A new law in Oklahoma removes a loophole for state troopers in the state’s Open Records Act.
Oklahoma law requires local police and sheriff’s departments to make audio and video recordings available to open records requests. However, since 2005 the Highway Patrol has been exempt from the requirement for dash cams.
Sen. David Holt, R-Oklahoma City, said “it’s not right” that troopers were given special treatment.
“We as taxpayers pay for these dash cams to keep (law enforcement) accountable. We ought to have access to that,” Holt said in recent remarks.
Gov. Mary Fallon signed a bill into law to ensure dash-cam video recorded by state troopers will be included in the state’s open records law.
Holt, the bill’s Senate sponsor, noted that the Highway Patrol supports the change.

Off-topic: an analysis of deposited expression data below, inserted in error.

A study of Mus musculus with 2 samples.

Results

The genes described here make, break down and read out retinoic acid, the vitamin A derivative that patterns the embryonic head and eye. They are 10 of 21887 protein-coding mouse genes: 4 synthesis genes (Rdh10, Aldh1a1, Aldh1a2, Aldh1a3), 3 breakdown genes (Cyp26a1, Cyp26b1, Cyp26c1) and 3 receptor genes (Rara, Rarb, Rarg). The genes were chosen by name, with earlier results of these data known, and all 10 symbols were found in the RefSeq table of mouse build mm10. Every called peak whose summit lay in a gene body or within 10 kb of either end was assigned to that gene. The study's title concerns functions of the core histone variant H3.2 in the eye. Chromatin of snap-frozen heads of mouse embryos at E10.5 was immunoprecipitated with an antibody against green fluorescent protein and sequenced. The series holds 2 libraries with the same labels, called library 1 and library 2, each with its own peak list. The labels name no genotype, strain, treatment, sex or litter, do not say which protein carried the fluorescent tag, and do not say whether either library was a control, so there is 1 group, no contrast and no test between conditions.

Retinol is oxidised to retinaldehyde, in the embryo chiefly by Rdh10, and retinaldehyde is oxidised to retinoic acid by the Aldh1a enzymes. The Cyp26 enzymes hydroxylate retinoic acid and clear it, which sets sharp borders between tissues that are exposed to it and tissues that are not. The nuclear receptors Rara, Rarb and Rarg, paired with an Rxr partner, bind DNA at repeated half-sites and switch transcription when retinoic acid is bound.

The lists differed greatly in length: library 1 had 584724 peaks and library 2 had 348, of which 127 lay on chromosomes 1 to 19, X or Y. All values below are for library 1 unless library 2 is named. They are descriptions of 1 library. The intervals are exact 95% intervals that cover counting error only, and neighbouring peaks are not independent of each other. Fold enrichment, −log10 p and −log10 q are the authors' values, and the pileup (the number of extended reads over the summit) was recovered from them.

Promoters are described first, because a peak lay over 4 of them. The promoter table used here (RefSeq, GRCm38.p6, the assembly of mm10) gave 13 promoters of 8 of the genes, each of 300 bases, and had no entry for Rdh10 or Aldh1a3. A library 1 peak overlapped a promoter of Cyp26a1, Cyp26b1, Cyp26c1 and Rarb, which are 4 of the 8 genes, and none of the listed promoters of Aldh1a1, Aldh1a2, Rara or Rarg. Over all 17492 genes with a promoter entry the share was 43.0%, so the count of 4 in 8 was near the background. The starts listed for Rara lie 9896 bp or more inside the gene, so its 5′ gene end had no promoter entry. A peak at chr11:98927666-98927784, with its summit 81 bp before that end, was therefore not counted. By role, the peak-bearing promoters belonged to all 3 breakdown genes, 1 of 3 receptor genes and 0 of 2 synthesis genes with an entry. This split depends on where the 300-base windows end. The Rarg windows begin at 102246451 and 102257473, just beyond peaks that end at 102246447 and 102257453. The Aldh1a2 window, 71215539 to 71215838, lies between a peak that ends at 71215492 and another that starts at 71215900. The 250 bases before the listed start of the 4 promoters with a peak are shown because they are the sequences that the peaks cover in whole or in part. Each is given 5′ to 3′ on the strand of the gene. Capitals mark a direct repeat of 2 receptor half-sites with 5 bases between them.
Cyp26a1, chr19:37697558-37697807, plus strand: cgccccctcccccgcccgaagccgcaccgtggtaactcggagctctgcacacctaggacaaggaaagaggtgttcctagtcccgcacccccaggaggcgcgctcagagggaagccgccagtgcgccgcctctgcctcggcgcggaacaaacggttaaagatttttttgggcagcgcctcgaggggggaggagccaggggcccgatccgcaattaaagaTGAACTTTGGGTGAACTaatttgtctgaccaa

“I believe these recordings will show that overwhelmingly, they are doing their job as they should,” Holt said. “But if they are not, the public has a right to know.”
Critics of the new law include some attorneys. They cite concerns about a provision in the law that provides an exemption for investigations into officer misconduct.
Specifically, SB1513 includes exceptions to allow law enforcement to redact or obscure images if they show nudity, minors, fatalities, or officers under investigation. Once the investigation is concluded, the unedited video must be made available.
The rule changes take effect Nov. 1.
Starting July 1, a separate new law is intended to help get more highway patrol officers on roadways around the state.
SB1372 lowers the age limit for commissioned officers within the Department of Public Safety from 23 to 21 years of age. Applicants who served in the U.S. Armed Forces can also apply for educational credits.
Rep. Jon Echols, R-Oklahoma City, said the changes are needed to address a small pool of candidates for positions with the department.
“This measure will create a wider pool from which to hire so we can keep Oklahomans safe on the roads and in their communities,” Echols stated.